I live in Arizona where, thanks to Proposition 203, medical cannabis has been legal since 2010. In 2014, after much legal back-and-forth, cannabis patients in Arizona celebrated the addition of a new qualifying condition to the Arizona Medical Marijuana Act (AMMA).

What many still do not recognize is when the Director of the state’s Department of Health Services at that time, Will Humble (who is anything but humble), included post traumatic stress disorder (PTSD) he did so in a very specific, intentionally obstructive way.

Unlike any other qualifying condition within the AMMA, PTSD patients are forced to prove they are undergoing “conventional treatment” in conjunction with their use of cannabis. Basically the law requires you to become a patient somewhere else, then come back to pay the annual state fee and certification in order to become a state patient. Only after you’ve done so can you then legally access your medication.

The annual fee with certification is $300, private practice “conventional psychotherapy treatment” for PTSD ranges in cost, and a patient’s herbal medication in the dispensary will run on average around $300 per ounce of flower.

This process is repeated every year regardless of whether or not you’ve been diagnosed with a long term illness, disease, or injury. The state wants their nut. In addition to the exorbitant and prohibitive cost, the barriers to navigate, and the lack of state operated cannabis therapy programs meeting their requirements leaves patients with little choice but to fend for themselves.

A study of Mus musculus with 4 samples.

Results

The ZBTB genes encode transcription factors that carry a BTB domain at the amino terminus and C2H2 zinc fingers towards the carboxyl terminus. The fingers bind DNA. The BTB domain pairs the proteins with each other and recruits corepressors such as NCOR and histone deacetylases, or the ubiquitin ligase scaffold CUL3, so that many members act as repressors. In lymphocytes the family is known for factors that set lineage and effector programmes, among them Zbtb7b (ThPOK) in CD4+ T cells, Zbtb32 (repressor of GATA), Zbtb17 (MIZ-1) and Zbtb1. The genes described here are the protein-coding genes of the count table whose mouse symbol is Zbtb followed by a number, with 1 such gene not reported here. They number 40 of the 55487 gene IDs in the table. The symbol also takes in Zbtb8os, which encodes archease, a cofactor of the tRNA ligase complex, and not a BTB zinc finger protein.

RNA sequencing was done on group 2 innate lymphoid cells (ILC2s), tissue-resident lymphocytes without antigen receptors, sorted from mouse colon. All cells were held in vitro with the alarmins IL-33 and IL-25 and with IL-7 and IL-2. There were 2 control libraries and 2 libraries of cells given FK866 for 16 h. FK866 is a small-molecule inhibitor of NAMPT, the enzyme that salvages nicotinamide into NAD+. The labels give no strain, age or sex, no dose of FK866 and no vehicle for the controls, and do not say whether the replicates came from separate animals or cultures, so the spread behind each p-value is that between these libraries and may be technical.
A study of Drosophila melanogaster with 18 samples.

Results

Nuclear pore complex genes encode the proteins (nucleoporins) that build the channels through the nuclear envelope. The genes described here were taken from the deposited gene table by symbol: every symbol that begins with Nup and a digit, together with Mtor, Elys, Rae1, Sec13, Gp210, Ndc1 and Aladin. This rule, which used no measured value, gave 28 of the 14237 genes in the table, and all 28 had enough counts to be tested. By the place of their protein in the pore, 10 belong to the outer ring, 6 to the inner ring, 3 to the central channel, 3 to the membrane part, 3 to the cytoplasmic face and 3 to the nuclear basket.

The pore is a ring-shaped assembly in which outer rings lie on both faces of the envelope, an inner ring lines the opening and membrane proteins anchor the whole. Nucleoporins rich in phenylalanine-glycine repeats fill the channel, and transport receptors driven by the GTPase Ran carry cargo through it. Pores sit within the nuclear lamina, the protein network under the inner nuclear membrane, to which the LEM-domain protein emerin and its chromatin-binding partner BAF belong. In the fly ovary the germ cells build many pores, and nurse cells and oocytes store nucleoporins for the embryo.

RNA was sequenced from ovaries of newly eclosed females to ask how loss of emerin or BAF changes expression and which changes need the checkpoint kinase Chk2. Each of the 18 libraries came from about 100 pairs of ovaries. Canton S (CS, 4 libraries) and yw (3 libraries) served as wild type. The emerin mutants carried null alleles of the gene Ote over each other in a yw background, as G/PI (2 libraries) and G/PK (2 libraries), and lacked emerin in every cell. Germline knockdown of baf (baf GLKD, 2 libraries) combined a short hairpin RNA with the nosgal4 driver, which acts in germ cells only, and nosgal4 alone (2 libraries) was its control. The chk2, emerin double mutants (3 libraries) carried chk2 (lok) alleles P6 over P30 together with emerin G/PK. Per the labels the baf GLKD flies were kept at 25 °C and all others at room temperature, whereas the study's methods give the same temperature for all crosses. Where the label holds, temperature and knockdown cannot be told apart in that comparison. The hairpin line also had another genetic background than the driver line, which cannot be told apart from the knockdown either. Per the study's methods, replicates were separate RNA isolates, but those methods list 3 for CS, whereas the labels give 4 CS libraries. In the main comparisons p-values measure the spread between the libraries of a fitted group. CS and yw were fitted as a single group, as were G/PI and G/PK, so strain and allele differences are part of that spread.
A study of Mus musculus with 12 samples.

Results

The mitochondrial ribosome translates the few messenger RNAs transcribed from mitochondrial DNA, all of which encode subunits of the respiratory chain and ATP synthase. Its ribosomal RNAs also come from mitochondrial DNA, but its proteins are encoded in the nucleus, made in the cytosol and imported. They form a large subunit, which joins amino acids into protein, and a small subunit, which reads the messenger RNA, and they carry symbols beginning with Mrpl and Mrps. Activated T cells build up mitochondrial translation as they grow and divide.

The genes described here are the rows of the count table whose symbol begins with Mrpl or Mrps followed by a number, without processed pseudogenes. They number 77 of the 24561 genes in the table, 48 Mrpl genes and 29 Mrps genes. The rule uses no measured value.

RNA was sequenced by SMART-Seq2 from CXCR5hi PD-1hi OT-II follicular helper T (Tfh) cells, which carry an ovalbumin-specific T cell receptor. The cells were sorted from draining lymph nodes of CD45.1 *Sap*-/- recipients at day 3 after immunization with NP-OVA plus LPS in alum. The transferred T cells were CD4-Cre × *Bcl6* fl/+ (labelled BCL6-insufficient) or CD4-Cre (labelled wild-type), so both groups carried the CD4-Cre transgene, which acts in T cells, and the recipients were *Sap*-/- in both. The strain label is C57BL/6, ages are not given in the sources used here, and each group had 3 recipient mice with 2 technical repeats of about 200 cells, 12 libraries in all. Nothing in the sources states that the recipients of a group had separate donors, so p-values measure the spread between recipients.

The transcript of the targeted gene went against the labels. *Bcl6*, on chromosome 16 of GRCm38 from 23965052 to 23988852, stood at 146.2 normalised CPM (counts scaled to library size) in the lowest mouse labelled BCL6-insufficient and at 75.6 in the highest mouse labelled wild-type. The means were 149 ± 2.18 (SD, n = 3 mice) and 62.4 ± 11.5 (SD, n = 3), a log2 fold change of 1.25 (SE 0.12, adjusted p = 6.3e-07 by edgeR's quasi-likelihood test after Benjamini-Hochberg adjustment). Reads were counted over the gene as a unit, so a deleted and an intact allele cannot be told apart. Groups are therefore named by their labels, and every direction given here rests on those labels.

For many on disability or who are already struggling to get through the monthly bill cycle, this expense quickly becomes an insurmountable obstacle to their becoming a legal patient in Arizona. Essentially, the state is shutting the door on qualified individuals because they have the authority to do so, pushing those in need into the “black market” everyone says they’re trying to eliminate.

Veterans in the state who qualify to get their treatment from the Veterans Health Administration (VHA) are also involved in this Mexican standoff, simply due to their inability to access cannabis treatment through the VHA.

Cannabis Inspires a Creative Response

In response to the state’s obstructionist tactics, and Inspired by Heidi Keys’ trend setting “Puff, Pass, & Paint” in Denver, CO, patients in Arizona have come together and developed a plan of action.

Being personally impacted by these laws and a card holder myself, I reached out to a friend of mine here in town who has a mobile painting business, now we’re starting a cannabis art therapy class in Tucson.

Buds & Brushes is the first of what will be a series of monthly cannabis art therapy classes across the state of Arizona. The intent of these classes is to create a welcoming and relaxed atmosphere where cannabis patients are given permission to embrace their creativity in a normal environment.

We want to attract as many people as possible who have been putting off getting legal. Certifying officials will be present at the event for patients to speak with, get additional information from and make appointments with to get evaluated & certified.

Patients need to know they’re able to work within the system, we’re here to help them do that. This is especially true for Arizona residents required to be participating in therapy as a condition of their becoming legal patients.

Eventually we will also be including yoga therapy to further bridge the gap between cannabis patients and the AMMA. Ideally, sharing this will result in similar sessions in other “legal” states across the country where Social Clubs are being organized.

Do you think art therapy is effective? Let us know in the comments below.

About the Author

Ricardo Pereyda

Ricardo Pereyda is U.S. Army Veteran from Tucson, Arizona. Advocating for federal & state cannabis law and public health reform, he has been outspoken in calling for veteran access within the VA and research into the safety and efficacy of cannabis. He’s worked closely with Patients Out of Time, Drug Policy Alliance, the Multidisciplinary Association of Psychedelic Studies (MAPS), the Arizona Cannabis Nurses Association, The Weed for Warriors Project, Operation OverMed and Veterans for Medical Cannabis Access among others.